Anastasia (rated G) is loosely based on events surrounding the Russian revolution. As a little girl, Anastasia loses her family when the evil Rasputin returns from exile to place a curse on the royals and ignite national conflict. Violence erupts. And though Anastasia survives the angry mob, she ends up lost, alone and anonymous. Ten years later, she begins searching for clues to her identity. She stumbles upon Dimitri and Vlad, con men who decide to pass her off as the long-lost Anastasia in order to secure a hefty reward. Little do these likable scoundrels know they're dealing with the real princess. After much verbal sparring, Dimitri and Anastasia fall in love.
The film's most noteworthy negative involves the occultism of Rasputin, the vengeful sorcerer who unleashes demonic forces on Anastasia and her friends as he decomposes in a state of metaphysical limbo. Beyond the spiritual implications, several of these scenes may frighten young children. It may also bother parents that, despite showing kindness and loyalty, Dimitri and Vlad never repent for years of theft, forgery and fraud.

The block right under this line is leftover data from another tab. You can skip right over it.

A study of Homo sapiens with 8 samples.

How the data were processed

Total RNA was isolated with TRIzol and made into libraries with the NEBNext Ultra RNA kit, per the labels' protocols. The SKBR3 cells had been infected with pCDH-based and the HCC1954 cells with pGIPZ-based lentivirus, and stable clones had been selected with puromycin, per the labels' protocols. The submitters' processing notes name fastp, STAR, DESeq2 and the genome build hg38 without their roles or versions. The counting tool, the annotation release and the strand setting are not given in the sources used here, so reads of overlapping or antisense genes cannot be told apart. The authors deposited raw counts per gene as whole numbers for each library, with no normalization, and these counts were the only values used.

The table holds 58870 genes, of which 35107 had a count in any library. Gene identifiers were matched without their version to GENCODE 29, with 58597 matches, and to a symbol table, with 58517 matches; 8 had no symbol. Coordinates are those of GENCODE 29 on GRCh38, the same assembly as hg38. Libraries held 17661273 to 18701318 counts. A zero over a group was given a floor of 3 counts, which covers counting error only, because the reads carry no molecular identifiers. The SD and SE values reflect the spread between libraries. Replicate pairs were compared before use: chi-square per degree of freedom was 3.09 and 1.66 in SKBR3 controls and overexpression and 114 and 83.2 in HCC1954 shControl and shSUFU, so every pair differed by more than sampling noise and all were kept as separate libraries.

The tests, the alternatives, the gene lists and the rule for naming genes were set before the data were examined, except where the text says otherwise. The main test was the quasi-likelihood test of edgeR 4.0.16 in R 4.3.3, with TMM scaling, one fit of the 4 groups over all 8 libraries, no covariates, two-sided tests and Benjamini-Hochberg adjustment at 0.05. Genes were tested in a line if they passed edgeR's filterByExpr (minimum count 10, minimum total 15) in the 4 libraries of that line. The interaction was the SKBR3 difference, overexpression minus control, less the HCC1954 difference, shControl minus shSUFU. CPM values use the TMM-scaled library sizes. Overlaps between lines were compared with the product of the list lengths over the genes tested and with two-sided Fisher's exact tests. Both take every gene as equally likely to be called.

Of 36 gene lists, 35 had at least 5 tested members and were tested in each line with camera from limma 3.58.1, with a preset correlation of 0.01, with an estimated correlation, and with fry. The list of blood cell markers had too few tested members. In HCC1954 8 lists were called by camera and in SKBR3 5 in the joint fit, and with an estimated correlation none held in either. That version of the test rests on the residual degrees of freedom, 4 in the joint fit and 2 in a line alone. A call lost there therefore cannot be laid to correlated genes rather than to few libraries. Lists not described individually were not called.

Fortunately, however, the innocent, spunky Anastasia takes a stand in areas of honesty and integrity, and values her sense of identity more highly than riches ("I just want to know who I am--if I'm part of a family"). The film equates true love with personal sacrifice, and includes characters who make it clear that women can be self-confident and attractive to men without looking like Pocahontas.
Anastasia won't single-handedly overthrow the Magic Kingdom, but it may signal an end to Disney's decade of uncontested dominance over animated tales. As Time magazine reported recently, "The next few years will see the biggest splurge of cartoon features ever." Watch your back, Mickey.